Extractions with Ridge Preservation

Extractions with Ridge Preservation

The extraction of a tooth is a very common dental procedure. When necessary it is usually an uncomplicated surgery for both the patient and the dentist performing the extraction. In extraction, one or more teeth are removed from their sockets with care.

There are times,however, when one or a series of extractions can cause the soft tissues and bone to collapse. The teeth are in sockets which are surrounded and supported by the bone. The dental surgery done to prevent this area from collapsing is called ridge or socket preservation.

Ridge preservation is one kind of bone grafting which is a category of periodontal surgery. It involves placing a regenerative bone grafting material into one or many empty tooth sockets. This is done to rebuild the bone where extraction has left an empty weakened area. There are a number of different possible materials to use in the reconstruction of the boney ridge.

There are autogenous bone grafts where the tissue used is from the patient’s own body. There are also allografts where the material used is from another human donor. Then there are alloplasts and xenografts. In xenografts, the materials are natural tissue from another species while an alloplast is a bone graft made of a synthetic material.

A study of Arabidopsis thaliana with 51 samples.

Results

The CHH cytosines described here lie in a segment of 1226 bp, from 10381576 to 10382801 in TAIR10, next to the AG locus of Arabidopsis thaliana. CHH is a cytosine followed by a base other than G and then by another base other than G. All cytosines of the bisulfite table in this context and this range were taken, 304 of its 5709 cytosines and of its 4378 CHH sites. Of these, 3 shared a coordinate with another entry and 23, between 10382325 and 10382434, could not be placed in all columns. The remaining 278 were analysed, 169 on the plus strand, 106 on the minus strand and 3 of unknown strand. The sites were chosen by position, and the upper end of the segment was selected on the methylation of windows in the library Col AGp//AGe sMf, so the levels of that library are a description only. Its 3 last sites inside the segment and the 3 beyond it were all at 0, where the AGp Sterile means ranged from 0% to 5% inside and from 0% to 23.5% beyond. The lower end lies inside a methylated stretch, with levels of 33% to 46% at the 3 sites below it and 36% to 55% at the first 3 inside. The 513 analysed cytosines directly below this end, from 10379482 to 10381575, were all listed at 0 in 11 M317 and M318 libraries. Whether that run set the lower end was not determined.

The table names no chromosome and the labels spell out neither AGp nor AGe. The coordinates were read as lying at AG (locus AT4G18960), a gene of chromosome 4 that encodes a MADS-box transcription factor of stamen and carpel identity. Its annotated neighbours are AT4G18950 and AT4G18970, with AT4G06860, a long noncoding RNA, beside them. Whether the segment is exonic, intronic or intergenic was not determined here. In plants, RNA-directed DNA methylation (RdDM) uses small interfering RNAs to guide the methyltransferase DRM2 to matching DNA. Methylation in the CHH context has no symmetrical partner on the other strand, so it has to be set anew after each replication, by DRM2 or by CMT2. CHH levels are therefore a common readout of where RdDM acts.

A ridge preservation surgery can serve many purposes. It is most useful in preserving the natural appearance of the front of the mouth. It is also very instrumental in providing appropriate support for dentures or dental bridge construction. It can be essential in providing sufficient bone height to support dental implants. Periodontists recognize the role of ridge preservation in providing the support for more natural, appealing and functional tooth replacement.